The new law, AB 2093, was part of a host of regulations aimed at cracking down on the abuse of the Americans with Disabilities Act to launch frivolous lawsuits.
The new regulation requires commercial landlords to provide tenants with reports pinpointing ADA access violations, if inspected by a Certified Access Specialist. That will, in theory, reduce the chances of a tenant being sued. It will also mean more headaches for landlords.
“Basically it means there is more paperwork to do,” said BLR Asset Management Senior Asset Manager Peter Martin. “It places a higher burden on leasing agents to be up on the ADA as to what is in or not in compliance.”
BLR Asset Management focuses primarily on property management. The leasing end of its business concentrates on renewals. Martin said the law was largely an extension of an earlier regulation that required landlords to state on a lease whether the property has undergone inspection by a certified access specialist.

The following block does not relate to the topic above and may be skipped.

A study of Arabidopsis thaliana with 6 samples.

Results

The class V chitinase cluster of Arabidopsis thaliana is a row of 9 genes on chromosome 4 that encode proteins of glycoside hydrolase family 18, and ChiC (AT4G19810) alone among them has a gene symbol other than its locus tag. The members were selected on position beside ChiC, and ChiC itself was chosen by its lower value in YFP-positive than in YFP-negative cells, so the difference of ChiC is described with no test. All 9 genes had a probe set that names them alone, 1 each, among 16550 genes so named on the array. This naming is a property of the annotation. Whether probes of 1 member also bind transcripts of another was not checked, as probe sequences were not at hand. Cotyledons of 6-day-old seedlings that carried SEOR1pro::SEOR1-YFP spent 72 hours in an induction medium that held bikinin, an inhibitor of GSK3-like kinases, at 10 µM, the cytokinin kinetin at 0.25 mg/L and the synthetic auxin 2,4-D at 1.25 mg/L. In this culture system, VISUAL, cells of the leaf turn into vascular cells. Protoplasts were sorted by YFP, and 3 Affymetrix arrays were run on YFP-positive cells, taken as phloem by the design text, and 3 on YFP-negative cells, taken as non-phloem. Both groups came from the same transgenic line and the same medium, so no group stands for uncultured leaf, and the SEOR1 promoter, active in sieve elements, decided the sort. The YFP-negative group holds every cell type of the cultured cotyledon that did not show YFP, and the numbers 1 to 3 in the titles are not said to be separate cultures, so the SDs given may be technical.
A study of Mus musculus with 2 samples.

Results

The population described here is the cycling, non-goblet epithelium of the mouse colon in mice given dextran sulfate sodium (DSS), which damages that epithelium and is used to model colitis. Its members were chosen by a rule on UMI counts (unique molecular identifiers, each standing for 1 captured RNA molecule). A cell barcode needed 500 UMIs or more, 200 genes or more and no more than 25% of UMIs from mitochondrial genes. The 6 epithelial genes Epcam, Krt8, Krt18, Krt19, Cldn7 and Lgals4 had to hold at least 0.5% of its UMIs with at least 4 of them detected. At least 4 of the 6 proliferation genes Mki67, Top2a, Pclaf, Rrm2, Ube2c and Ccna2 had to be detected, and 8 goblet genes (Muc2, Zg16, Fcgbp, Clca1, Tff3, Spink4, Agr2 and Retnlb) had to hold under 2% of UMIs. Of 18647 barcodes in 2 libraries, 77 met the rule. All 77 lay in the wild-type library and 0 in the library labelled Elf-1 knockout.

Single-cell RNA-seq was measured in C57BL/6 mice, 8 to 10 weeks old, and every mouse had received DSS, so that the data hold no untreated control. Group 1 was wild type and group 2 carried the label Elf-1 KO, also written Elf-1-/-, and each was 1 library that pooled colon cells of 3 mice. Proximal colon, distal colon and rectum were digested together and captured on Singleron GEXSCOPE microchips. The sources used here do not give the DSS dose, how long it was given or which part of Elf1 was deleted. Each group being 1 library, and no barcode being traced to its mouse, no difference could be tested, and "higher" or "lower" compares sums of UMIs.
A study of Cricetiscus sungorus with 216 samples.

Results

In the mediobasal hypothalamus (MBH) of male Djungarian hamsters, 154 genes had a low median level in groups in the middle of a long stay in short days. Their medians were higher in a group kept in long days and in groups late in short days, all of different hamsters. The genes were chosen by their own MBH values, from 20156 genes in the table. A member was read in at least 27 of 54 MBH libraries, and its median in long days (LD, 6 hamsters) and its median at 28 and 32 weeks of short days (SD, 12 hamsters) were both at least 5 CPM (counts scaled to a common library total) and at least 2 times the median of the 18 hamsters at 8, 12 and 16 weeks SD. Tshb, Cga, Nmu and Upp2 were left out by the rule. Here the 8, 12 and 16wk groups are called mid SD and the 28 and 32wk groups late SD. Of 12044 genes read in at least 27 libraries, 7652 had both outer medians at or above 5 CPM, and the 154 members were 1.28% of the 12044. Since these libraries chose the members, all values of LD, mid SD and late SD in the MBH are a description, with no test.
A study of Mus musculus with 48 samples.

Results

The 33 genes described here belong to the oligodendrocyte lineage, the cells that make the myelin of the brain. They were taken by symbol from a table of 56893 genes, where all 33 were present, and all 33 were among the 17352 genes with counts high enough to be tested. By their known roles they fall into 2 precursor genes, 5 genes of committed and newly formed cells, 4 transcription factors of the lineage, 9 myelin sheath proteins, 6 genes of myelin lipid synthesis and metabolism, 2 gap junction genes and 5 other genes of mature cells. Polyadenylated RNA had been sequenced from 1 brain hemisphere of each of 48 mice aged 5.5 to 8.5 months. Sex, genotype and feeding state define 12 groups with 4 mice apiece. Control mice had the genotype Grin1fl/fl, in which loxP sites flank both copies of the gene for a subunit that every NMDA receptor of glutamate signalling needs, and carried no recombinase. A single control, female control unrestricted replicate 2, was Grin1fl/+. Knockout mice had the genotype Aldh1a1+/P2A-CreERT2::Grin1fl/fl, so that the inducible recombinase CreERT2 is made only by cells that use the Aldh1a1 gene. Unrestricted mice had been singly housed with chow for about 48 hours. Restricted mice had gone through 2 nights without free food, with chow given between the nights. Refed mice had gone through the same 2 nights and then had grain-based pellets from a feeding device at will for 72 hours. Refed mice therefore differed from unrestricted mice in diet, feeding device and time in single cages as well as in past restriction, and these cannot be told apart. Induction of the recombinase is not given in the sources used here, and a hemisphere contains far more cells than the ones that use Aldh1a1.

The new law requires landlords to state not only whether a CASp survey has been done, but if there are any issues regarding ADA compliance. Leases also have to specify fixes and who will pay for them.
If a property has been inspected, the landlord has to give the tenant the report and CASp certificate within seven days of the execution of the lease.
The law also gives tenants the option getting a CASp report on a property before they enter into a lease.
“In the past, it was fine to say, ‘We don’t have a CASp report on this property,” said Martin. “Now the landlord has to disclose the specific work that needs to be done.”
He said the new law emphasizes the importance of having the CASp report on a potential property.
“At BLR, our policy is always to have CASp report,” he said. “We always have a frank discussion with our tenants on what they might need.”